In these new "revisits" section of my blog, i'll be looking back at game across all formats, some old, some new, and some old gems that you may have missed. Or indeed hated....but that don't matter, i'll cover them anyway.
The first game i'm revisiting is the Matrix: Path of Neo.
Release by Shiny Entertainment in 2005, it was the second game in the Shiny released series, the first being the lacklustre "Enter the Matrix". It was pretty so-so as a game, which essentially failed as you didn't get to play as Neo....pretty much a big pull in a game really, playing as the main character. However, Shiny began work on this game, which starts at the beginning of the 1st film and follows the various scenes of the movies, with some added bits to it. The new additions to the story that were included in the game essentially filled out some of the bollocks back story that the Wachowski's had to blag their way through when the knew that had to make sequels to the 1st movie.
Most of the missions took on the form of training simulators, to expand your knowledge of gunplay and martial arts, which were ok. Some of the other missions took Neo into the Matrix to free the minds of other "potentials", other people who could be "the One" which, if you followed the canon of the movie I guess were interesting enough. All the levels were strung together with in game cut scenes and clips taken from the movie, which were edited together in such a messy way it's like the dev's just clicked "random" on the computer and put them in as they ended up. Weak. It did have an original ending too, where you had to fight a gigantic version of Agent Smith, written specifically for the game by the Wachowski brothers, as they thought the films ending would be too boring for a game. It was too boring for a fucking film, but hey ho.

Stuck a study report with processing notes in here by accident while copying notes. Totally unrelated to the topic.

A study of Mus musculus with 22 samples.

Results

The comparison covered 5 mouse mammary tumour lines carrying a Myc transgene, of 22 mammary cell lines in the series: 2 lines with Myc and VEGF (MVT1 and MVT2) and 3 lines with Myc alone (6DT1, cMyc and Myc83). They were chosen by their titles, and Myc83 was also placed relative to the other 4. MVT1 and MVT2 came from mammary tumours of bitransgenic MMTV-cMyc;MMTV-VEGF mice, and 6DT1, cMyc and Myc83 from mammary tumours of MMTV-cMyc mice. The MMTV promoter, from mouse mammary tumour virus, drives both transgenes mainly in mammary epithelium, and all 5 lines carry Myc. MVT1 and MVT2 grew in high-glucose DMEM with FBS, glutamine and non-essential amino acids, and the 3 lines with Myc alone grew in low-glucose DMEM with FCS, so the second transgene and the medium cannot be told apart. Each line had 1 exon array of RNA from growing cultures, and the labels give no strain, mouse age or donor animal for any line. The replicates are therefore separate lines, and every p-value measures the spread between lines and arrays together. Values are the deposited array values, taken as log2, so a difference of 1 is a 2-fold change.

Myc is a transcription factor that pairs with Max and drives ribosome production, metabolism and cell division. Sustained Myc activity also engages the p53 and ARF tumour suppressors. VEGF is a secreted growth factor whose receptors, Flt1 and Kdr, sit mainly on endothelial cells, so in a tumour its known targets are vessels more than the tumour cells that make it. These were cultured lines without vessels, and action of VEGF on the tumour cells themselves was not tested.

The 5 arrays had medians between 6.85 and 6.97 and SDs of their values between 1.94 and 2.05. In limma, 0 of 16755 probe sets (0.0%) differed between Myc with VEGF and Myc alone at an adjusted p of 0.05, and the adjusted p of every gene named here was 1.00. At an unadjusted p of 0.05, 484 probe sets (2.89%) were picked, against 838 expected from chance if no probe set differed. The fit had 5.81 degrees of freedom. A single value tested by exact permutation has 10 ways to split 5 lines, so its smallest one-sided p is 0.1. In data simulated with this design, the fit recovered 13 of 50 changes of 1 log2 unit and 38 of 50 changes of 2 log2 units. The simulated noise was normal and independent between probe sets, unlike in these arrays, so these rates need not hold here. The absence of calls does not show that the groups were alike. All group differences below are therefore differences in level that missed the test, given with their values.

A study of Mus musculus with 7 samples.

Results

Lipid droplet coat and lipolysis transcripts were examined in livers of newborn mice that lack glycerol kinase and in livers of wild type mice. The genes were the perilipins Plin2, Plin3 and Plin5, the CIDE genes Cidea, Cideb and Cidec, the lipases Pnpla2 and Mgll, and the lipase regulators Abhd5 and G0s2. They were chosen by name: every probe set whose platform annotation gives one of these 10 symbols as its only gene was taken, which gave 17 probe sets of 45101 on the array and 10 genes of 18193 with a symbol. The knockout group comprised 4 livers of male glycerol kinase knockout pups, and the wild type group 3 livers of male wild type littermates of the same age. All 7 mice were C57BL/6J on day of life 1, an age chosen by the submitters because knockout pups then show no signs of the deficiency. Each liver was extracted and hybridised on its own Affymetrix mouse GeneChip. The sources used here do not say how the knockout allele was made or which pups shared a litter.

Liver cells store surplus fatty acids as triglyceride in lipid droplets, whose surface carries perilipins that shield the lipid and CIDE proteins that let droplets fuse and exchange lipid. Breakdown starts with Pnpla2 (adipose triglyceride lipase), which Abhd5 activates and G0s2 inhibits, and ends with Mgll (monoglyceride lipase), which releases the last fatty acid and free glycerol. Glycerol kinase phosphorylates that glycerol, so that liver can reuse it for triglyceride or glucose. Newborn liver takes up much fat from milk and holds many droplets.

Graphically the game punched above it's weight. It wasn't the worst game i've ever seen, some levels looked great, but it was basically just too ambitious for the consoles of the day. Even so, Shiny must be praised for doing what they did with such technical constraints. The jumping was pants, you drifted around the levels like you were a pisshead on roller skates and occasional glitches broke the levels, but there was just something about it.....the combat.
The combat in this game was simply amazing. Gun play was handled in your typical third-person way, lock onto target, shoot, reload etc. Pretty much in the same vein as Max Payne, Tomb Raider yadda yadda. The hand to hand stuff was where the game REALLY excelled. It was essentially mapped to just a few buttons, Y for attack, B for grab, X for dodging and L trigger for focus moves. Combinations of these buttons would see you punch, kick, counter, somersault, sweep, cartwheel, just generally batter the living shit out of anything that moved. Before a level you could choose your upgrades, from adding moves to combos, to ariel throws, weapon strips, and as you started out with just a few basics by the end of the game you were literally the One in the game world....it was epic.
The standout level in the game though, and the reason for me starting a revisit section to my blog, was around halfway through the game. Based on the scene in the movie dubbed "the Burly brawl", it's the scene where Neo, after meeting up with the Oracle, is visited by Agent Smith to have a boring chat about "purpose". Now just one Agent Smith though.....oh no....that would be a waste of a level.....you're visited by a couple of hundred of them. The scene in the film was almost like a videogame itself, and so Shiny took this ball and ran with it. The results you can see in the video below. I played this again the other night and had just as much fun playing it over again as I did the first time. Enjoy.
So that's the Matrix: Path of Neo. It had its haters, and on the whole it was a flawed, average game with a few stand out levels, which despite its technical achievements was marred by the power of consoles at the time.
Shiny should be applauded for attempting to do something different, and in my eyes the game should be played, not for the mind-numbingly boring story, or the flaws, but for the combat system which in my baggy-eyes still stands up today.
Let me know what you think. Did you play it? Love it? Hate it?
Your thoughts, as always, are appreciated.